The Indie Classical Crowd Celebrates an Iconic Venue
It wouldn’t be fair to let the month go by without a mention of the Times Arrow festival of 20th and 21st century music, a roughly ten-day celebration of the 250th anniversary of St. Paul’s Chapel downtown at Broadway just south of Vesey Street featuring a diverse cast of the classical and indie classical talent associated with its sister venue Trinity Church. It’s not clear if George Washington ever slept at the chapel. But he was a parishioner there, and if the sermons were boring, that could have happened at some point during his days as President.
The festival’s music was very forward-looking: new settings of Edgar Allen Poe phantasmagoria, the premiere of Laura Schwedinger’s opera Artemisia, about Italian painter Artemisia Gentileschi…and the Bach Christmas Oratorio performed in two parts.
While catching every one of the concerts would have been a real marathon, the most enticing and rewarding show featured Sandbox Percussion and pianist Erika Dohi, backing soprano Elspeth Davis in a mesmerizingly psychedelic, often utterly chilling performance of George Crumb’s American Songbook. Crumb’s reinvention of old Appalachian folk tunes began with one of the percussionists furiously cranking what looked like a giant music box cylinder to create a whistling wind effect early in the sepulchrally spacious interpretation of Poor Wayfaring Stranger. Dohi’s similarly ghostly, starlit restraint in Crumb’s creepy recasting of the lullaby All the Pretty Little Horses was just as impactful. As the suite went on, gongs were employed and a dusky, doomed ambience prevailed. Dohi is tackling a much more physically taxing piece, a Luciano Berio Sequenza this afternoon, Jan 29 at 3 PM at Spectrum on an eclectic solo piano triplebill. Joseph Liccardo plays Bach; Lisa Moore plays Martin Bresnick; cover is $15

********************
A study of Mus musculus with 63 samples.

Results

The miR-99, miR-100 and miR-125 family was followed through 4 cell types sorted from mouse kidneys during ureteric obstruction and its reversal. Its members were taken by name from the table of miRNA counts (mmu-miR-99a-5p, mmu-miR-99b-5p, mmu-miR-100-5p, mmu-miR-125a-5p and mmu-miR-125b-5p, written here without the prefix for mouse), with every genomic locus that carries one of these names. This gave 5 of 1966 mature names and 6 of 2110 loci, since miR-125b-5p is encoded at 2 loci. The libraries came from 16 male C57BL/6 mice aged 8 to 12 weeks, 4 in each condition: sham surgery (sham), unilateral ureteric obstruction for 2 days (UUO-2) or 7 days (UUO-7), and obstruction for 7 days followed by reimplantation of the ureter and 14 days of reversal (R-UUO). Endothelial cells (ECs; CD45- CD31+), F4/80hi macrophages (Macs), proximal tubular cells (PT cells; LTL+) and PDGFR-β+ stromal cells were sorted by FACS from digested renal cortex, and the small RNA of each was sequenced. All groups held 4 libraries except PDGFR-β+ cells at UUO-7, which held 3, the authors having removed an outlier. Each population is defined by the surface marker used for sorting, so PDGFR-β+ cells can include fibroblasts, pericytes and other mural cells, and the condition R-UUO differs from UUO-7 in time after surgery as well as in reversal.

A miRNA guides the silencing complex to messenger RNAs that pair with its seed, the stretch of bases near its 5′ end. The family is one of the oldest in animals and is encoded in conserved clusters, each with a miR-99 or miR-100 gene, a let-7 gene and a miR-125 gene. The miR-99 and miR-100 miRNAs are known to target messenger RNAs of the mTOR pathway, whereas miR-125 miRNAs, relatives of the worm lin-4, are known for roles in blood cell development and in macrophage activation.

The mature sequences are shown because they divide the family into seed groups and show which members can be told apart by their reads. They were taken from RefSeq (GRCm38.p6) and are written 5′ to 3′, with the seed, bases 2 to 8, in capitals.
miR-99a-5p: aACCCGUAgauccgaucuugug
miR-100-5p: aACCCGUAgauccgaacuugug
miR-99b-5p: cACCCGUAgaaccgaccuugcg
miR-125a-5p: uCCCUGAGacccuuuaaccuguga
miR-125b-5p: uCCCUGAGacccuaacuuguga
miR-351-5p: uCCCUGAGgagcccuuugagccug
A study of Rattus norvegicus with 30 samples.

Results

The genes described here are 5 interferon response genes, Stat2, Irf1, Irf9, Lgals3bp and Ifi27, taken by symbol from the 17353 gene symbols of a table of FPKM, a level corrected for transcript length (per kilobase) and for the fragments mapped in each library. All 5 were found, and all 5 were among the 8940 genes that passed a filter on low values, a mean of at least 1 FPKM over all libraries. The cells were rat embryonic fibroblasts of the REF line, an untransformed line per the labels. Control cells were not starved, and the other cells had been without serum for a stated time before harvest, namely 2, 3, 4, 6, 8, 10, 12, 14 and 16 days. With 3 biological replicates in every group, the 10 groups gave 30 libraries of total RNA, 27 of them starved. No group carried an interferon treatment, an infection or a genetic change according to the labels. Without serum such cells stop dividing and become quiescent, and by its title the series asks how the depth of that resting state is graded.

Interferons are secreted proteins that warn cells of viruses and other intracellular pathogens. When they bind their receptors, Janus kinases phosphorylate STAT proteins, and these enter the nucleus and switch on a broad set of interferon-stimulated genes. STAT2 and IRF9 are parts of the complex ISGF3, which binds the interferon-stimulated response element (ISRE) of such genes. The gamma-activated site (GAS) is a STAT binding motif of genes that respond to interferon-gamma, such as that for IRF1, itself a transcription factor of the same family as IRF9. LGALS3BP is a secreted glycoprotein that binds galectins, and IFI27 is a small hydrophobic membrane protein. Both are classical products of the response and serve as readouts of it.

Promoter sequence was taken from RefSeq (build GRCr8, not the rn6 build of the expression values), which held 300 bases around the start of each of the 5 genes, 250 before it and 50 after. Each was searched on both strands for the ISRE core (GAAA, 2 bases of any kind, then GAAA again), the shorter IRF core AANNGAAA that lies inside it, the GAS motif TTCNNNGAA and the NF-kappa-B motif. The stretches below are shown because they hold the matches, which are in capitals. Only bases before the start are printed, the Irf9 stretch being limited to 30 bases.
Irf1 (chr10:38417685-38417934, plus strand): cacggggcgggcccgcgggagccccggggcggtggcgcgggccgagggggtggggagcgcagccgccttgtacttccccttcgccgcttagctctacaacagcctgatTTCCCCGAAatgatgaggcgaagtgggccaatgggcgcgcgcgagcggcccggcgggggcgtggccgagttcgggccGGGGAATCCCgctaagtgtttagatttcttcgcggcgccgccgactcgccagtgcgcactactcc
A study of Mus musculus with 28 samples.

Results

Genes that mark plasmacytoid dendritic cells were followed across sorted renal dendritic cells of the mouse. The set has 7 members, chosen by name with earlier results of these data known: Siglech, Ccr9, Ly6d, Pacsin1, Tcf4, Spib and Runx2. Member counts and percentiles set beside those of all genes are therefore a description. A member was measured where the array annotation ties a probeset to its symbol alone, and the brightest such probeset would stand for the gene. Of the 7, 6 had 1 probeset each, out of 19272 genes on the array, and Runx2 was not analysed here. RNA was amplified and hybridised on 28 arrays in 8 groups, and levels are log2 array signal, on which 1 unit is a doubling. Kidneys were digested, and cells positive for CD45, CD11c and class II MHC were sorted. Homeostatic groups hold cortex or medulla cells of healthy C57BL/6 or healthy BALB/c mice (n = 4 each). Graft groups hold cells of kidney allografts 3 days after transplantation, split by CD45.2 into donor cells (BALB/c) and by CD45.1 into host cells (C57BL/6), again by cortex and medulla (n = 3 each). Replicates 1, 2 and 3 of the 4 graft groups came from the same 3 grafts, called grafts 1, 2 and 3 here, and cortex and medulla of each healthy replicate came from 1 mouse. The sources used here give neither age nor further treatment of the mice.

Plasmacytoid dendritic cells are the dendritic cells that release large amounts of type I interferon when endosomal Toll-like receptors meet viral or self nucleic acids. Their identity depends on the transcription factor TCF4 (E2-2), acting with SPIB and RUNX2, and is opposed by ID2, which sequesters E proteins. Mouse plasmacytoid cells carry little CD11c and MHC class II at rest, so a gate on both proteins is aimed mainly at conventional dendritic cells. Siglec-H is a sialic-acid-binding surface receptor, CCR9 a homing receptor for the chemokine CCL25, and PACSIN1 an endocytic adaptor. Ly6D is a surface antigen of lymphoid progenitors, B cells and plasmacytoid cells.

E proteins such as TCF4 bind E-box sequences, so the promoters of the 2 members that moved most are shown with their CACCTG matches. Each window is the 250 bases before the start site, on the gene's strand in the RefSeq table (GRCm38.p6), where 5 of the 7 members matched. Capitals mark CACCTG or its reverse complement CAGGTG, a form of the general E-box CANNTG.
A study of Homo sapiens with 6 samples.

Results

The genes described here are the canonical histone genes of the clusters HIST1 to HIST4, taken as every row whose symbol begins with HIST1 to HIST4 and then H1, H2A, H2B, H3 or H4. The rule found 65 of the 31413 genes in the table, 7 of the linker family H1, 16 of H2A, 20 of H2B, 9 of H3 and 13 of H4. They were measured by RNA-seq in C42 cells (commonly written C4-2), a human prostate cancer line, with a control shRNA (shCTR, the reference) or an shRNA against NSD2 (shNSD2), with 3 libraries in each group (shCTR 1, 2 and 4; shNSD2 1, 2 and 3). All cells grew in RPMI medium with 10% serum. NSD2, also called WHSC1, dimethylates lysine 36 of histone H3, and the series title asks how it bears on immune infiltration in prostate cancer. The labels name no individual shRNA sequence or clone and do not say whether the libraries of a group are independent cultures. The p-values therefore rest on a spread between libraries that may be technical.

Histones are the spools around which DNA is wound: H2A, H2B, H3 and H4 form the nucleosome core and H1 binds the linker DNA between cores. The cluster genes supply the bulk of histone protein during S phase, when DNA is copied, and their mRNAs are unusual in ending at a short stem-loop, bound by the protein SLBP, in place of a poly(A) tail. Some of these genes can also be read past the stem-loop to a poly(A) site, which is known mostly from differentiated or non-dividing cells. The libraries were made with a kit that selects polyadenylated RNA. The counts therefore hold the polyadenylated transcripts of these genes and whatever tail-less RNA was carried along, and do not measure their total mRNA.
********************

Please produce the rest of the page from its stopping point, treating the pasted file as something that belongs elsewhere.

It was fun to kick off the new year at one of the festival’s first installments, watching Chris Reynolds circle around a thornily and vividly, perplexingly repetitive Caroline Shaw solo piano number. Finally, finally, there came a point where there was a big, almost chaotic breakthrough, all the more potent for the meticulousness he had brought to the piece up to that point. And it was just as rewarding, midway through the festival, to witness soprano Sarah Brailey and pianist Lynn Baker negotiate the stylistic shifts and emotional dynamics of art-songs by Schoenberg, Kurt Weill and Charles Ives, a lustrously uneasy version of the iconic The Housatonic At Stockbridge as a centerpiece.